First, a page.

March 3, 2024 Breaking News, Latest News, and Videos

Craig Jones’ Project Granted Exception:

Last Wednesday, Santa Monica’s Planning Commission approved the location of affordable housing units at 1514 Seventh Street, which is more than the mandated quarter mile from a Craig Jones’ market-rate apartment project site at 507 Wilshire Boulevard.

City administrative guidelines for the Affordable Housing Production Program require that if a developer decides to place his affordable unit allotment off-site, it must be within a quarter mile of the market-rate project.

Exceptions to the rule, which permit a distance of up to a mile, can be made only if the developer appeals either to the Planning Commission or the City Council.

According to the City staff report, exceptions are permitted if they “better accomplish the goals of the City’s zoning and planning regulations, including maximizing affordable housing production” and increasing the “dispersion of affordable housing throughout the City.”

City staff recommended the Commission make the exception in thus case because it believes the City will benefit from the “additional housing unit provided, a mix of market-rate and affordable housing will be provided downtown.” In addition, the exception conforms to the City’s “General Plan policies which seek to maximize affordable opportunities.”

The majority of the Commission agreed with the staff’s recommendation. Commissioner Gwynne Pugh, an architect, summed up his colleagues’ rationale when he stated, “It’s very difficult to build affordable housing buildings. The fact that we are getting this additional unit is outstanding.”

Commissioner Darrell Clarke was the only Commissioner to oppose granting the exception, saying, “It does continue … where four market-rate projects are considered separate projects, are administratively approved but yet they are all tied to the same affordable project. It once again brings up this whole appearance of piecemealing as a way around a greater level of planning oversight around these projects.”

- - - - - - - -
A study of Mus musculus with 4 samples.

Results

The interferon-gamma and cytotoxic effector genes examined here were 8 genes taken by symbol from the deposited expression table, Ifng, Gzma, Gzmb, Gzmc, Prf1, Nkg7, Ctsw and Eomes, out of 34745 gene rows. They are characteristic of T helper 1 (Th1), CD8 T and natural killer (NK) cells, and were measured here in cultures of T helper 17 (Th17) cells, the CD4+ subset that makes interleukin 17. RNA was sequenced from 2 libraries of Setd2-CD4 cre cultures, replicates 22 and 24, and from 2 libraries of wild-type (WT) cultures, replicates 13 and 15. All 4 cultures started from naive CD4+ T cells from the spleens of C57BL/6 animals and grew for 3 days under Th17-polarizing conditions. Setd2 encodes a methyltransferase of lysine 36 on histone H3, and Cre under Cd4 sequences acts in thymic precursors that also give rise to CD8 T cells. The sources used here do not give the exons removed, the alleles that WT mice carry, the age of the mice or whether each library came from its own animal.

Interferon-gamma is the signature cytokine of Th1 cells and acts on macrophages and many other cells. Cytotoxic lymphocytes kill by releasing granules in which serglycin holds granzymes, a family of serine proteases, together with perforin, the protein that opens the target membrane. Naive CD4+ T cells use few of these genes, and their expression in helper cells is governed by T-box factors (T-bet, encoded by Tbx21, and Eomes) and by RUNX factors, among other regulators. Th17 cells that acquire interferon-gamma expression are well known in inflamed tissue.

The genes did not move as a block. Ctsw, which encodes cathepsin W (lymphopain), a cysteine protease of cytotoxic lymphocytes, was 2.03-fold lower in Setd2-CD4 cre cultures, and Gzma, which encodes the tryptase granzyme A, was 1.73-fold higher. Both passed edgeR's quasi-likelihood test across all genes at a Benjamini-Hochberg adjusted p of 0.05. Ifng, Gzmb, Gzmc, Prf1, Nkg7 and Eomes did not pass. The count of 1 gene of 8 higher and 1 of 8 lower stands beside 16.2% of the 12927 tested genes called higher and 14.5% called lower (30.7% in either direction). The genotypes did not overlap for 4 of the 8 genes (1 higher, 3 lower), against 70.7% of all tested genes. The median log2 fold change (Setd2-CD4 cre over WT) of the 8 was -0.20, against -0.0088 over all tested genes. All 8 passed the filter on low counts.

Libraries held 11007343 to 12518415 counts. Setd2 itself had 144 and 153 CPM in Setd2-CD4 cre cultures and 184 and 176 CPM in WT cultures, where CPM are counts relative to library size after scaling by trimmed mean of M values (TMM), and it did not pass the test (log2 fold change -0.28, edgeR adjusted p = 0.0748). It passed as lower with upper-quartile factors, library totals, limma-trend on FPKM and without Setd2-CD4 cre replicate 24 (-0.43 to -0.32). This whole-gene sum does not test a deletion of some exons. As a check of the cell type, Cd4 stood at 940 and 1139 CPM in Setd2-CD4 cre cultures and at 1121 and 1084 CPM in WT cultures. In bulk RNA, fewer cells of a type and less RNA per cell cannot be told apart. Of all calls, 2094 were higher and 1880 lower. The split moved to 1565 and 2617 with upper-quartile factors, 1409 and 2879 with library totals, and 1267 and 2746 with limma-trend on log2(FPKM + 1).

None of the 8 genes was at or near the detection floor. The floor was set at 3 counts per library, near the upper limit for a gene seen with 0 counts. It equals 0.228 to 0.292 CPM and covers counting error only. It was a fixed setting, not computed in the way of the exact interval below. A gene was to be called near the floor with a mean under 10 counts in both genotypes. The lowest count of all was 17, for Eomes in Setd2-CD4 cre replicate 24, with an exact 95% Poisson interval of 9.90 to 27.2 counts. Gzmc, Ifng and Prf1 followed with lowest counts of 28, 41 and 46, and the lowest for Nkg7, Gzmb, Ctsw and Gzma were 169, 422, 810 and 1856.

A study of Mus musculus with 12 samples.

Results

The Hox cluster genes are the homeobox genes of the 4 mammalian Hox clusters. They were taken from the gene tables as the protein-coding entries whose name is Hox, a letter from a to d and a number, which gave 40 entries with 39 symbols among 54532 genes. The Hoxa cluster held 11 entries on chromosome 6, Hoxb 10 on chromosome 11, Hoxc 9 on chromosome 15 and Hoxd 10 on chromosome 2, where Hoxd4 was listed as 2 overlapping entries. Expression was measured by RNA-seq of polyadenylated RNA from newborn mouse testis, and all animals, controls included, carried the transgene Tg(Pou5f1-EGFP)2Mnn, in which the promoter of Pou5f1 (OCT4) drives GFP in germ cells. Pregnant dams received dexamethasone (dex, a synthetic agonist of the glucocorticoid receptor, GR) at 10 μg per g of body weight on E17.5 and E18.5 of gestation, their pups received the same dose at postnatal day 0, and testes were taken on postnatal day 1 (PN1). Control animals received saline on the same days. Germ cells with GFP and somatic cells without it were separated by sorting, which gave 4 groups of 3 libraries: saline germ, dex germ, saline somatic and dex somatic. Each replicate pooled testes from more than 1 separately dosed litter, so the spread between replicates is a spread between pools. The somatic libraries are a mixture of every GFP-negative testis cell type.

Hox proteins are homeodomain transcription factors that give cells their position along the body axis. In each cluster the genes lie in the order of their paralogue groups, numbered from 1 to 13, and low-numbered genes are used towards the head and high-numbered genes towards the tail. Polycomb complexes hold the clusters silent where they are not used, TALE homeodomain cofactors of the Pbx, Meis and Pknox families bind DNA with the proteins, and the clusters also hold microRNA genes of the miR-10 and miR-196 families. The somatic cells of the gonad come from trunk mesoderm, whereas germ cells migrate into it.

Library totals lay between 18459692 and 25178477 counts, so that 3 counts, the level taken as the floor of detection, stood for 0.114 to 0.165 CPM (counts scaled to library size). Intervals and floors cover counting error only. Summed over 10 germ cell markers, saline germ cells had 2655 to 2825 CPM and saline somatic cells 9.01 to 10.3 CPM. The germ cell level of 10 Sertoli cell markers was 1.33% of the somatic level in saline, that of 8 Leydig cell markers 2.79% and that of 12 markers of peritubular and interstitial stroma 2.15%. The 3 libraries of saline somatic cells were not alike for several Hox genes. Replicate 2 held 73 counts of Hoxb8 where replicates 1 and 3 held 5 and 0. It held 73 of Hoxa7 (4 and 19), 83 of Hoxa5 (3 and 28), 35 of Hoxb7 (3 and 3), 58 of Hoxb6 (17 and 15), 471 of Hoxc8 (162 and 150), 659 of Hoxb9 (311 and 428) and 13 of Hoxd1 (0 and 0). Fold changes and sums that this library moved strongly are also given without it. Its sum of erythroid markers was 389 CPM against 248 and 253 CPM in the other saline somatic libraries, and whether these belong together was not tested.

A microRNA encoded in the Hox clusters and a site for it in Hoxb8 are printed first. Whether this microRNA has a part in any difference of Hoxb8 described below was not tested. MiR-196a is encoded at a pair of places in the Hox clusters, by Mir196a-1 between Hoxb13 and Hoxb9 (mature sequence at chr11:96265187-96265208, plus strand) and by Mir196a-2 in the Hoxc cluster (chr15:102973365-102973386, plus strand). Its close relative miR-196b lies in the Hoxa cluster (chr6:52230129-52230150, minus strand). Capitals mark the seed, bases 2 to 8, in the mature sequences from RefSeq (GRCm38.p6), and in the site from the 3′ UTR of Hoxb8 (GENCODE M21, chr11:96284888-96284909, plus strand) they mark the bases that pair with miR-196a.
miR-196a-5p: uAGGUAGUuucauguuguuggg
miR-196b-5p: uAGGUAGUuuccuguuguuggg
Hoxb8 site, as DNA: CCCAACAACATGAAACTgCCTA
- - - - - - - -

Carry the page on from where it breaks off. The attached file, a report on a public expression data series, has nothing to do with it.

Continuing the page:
Activist Arthur Harris told the Commission before its vote, “There is precedence in regards to this company consolidating affordable units in one project from a series of others. This has a number of effects on the financing of the other projects and their resale ability. We get an administrative approval on the one hand because of the inclusion of the low priced housing and then we say afterwards we’re not going to include the low priced housing….is the course you want to endorse?”

The Commission also upheld the City’s Zoning Administrator’s decision to allow the construction of an unmanned wireless telecommunications facility on the roof of an existing two-story commercial building at 1502 Montana Avenue.

In addition, Commission members also approved the required documents for the construction of a nine-unit condominium building which will be located at 125 Pacific Street.Finally, the Commission approved A Conditional Use Permit for to allow a restaurant to operate at 609 Broadway.